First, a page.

Bee honey comb covered in honey



Did you know: Eating Raw Honey Seasonally Can Help with Allergies

3 min read


Did you know that consuming wild, raw, local honey may offer a gradual desensitization to your seasonal allergies?

Bees pick up the pollen from their environment. This is the same local pollen that may be contributing to your seasonal allergies. When you go to an allergy clinic and get multiple shots, you are actually slowly building up your tolerance to the specific allergens contained in the shot itself. Each time you visit, you are injected with more of the allergen. In some cases the allergy can be alleviated altogether, and you stop reacting to that specific allergen.

Honeybees can offer this same benefit, without all the pricey shots!

It is important to consume raw, local honey because raw honey has not been treated, pasteurized, or processed in any way. When consuming raw honey, you reap the benefits of local pollen collected by the honeybees. No specific dosage of honey is proven to be the perfect amount, but a daily dose is preferred.

According to Mark Sisson of Mark’s Daily Apple:

The resulting honey can offer something of a therapeutic dose for gradual desensitization – much like an allergy shot. It’s important to start small (1/4 teaspoon daily – max) and work your way up to gradually build tolerance.”

Researchers in 2013 studied the role of honey in the treatment of allergic rhinitis (AR). They studied the complementary effect of ingestion of a high dose of honey vs. a placebo. Only the group that ingested honey showed a significant improvement in individual allergic rhinitis symptoms. The improvement persisted for a month after the cessation of the treatment. The researchers concluded that honey ingestion at a high dose improves the overall and individual symptoms of AR, and it could serve as a complementary therapy for AR1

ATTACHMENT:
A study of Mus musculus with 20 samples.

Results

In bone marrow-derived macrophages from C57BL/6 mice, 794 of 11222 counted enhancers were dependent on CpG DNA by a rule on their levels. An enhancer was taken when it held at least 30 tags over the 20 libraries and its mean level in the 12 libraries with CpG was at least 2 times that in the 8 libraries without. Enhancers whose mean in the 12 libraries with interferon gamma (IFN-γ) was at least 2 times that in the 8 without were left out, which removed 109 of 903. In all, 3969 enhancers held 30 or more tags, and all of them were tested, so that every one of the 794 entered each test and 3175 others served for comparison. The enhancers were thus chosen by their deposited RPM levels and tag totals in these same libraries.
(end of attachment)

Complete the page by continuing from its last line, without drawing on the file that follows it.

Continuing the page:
Other than treating allergies, there are many other benefits to consuming raw local honey. Raw honey has been embraced by the ancestral community as a nutritious and natural sweetener. Honey contains antiviral and antibacterial properties. According to Chris Kresser, honey has been a staple in the human diet for many years.

[Honey’s] fructose to glucose ratio is similar to that of high fructose corn syrup, with about 38% fructose and 31% glucose (the rest being primarily water). Honey also contains enzymes and other proteins, trace minerals, flavonoids and other polyphenols.”

If you struggle with seasonal allergies, local raw honey may be a great option to include in your diet…with health benefits to boot, this is not a myth! Enviromedica also highly recommends soil-based probiotics to strengthen the immune system and prevent and asthma and allergies.


About the Author:
Kathryn is a functional nutritional therapist, author, editor, and mama of two boys. She enjoys spending her free time out in nature-hiking and fishing. You can find her at and her book “Forties on Fire” can be found on Amazon.


  • 1. Asha’ari, Zamzil Amin and Ahmad, Mohd Zaki and Wan Din, Wan Shah Jihan and Che Hussin, Che Maraina and Leman, Wan Ishlah, 2013. Ingestion of honey improves the symptoms of allergic rhinitis: Evidence from a randomized placebo-controlled trial in the East Coast of Peninsular Malaysia. Annals of Saudi Medicine, 33 (5). pp. 469-475. ISSN 0256-4947.